Study Guide

Having Our Say Race

By Sarah and A. Elizabeth Delany with Amy Hill Hearth


Despite what the powers-that-be want us to believe, race is a pretty complicated thing. As we'll soon see, the Delanys aren't the only ones of mixed racial descent—they're just willing to acknowledge it.

Why, colored folks built this country, and that is the truth. We were the laborers, honey! And even after we were freed, we were the backbone of this country (1.2.10)

No matter where you fall on racial politics, no one can deny that America was built on slave labor. Isn't it crazy that a country would oppress the same people who helped make it great?

It's been harder for me, partly because I'm darker than she is, and the darker you are, honey, the harder it is. (1.2.12)

Throughout the book, we see countless instances of skin tone affecting the perception of racial identity. As we'll see later, this dynamic can be seen in both the black and white communities.

Oppressed people have a good sense of humor. Think of the Jews. They know how to laugh, and to laugh at themselves! Well, we colored folks are the same way. We colored folk are survivors. (1.4.5)

There's no doubt that the Delanys have been shaped by the racism they experienced—it has made them stronger, more determined, and more humble. Bessie likens this to the way that the Jewish community adapted to the many struggles it experienced, often channeling their trauma into laughter.

All these white folks who thought they were above N****es, well, many of them were not pure white! Some knew it, some didn't. But colored people could always pick them out. (4.12.4)

It was once common for non-white people with light skin to "pass" as white, although no one in the Delany family would ever stoop to such lows. To be honest, there were plenty of other people passing as white without even knowing it.

In New York, there were Irish people, German people, Jewish people, Italian people, and so on. So many different white people! (5.15.4)

In the South, there were clear racial lines: there were Natives, white people, and black people. Things were more complicated up North, but that doesn't necessarily mean they're more equal.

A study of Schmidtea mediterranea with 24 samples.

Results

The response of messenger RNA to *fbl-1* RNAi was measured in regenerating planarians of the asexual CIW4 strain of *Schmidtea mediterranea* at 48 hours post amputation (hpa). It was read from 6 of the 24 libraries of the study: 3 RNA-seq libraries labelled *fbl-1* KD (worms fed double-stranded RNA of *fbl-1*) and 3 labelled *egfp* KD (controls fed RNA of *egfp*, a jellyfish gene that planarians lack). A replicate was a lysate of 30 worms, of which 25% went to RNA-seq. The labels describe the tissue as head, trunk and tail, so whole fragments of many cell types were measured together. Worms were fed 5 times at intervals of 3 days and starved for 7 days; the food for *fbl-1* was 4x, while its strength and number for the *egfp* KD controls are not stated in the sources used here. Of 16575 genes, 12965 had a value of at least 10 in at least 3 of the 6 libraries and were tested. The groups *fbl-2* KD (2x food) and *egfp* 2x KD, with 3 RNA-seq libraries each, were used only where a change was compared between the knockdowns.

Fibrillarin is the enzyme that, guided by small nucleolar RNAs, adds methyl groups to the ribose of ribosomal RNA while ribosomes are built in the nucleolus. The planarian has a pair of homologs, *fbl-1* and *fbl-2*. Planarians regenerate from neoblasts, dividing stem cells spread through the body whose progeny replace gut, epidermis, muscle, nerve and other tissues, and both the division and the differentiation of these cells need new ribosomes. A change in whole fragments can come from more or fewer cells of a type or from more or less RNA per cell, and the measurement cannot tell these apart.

In Jamaica, there were two official classes of N****es: white N****es and black N****es. The white N****es were higher class and had more privileges in society (5.25.8)

Looks like there's plenty of racism within the black community too. If we were to wager a guess why that is, we'd place it on the legacy of the fact that light skin was (and still is) more favored by white society.

David Duke doesn't think there are N****es like me and Sadie, colored folks who have never done nothin' except contribute to America. Well, I'm just as good an American as he is—better! (5.25.34)

In case you don't remember, David Duke was a former KKK member and one-time presidential candidate. Yikes. Could any sane person argue that he's a better person than even the worst Delany?

They would complain about [...] the way that N**** children would play in the street [...] It was the little things, like that, little cultural differences, that were the source of tension. (7.30.12)

Most of the time when people talk about race, they're really talking about culture and class and blowing those things way out of proportion. It's these small and ultimately meaningless differences that drive people apart.

Truth is, I never thought I'd see the day when people would be interested in hearing what two old N**** women have to say. Life still surprises me. (7.31.19)

Bessie is more than willing to call out the racial problems of the modern era, but it's at least encouraging that she can speak out in the pages of this book. That's something that was never afforded to her ancestors, and she's not going to let this opportunity slip out of her fingers.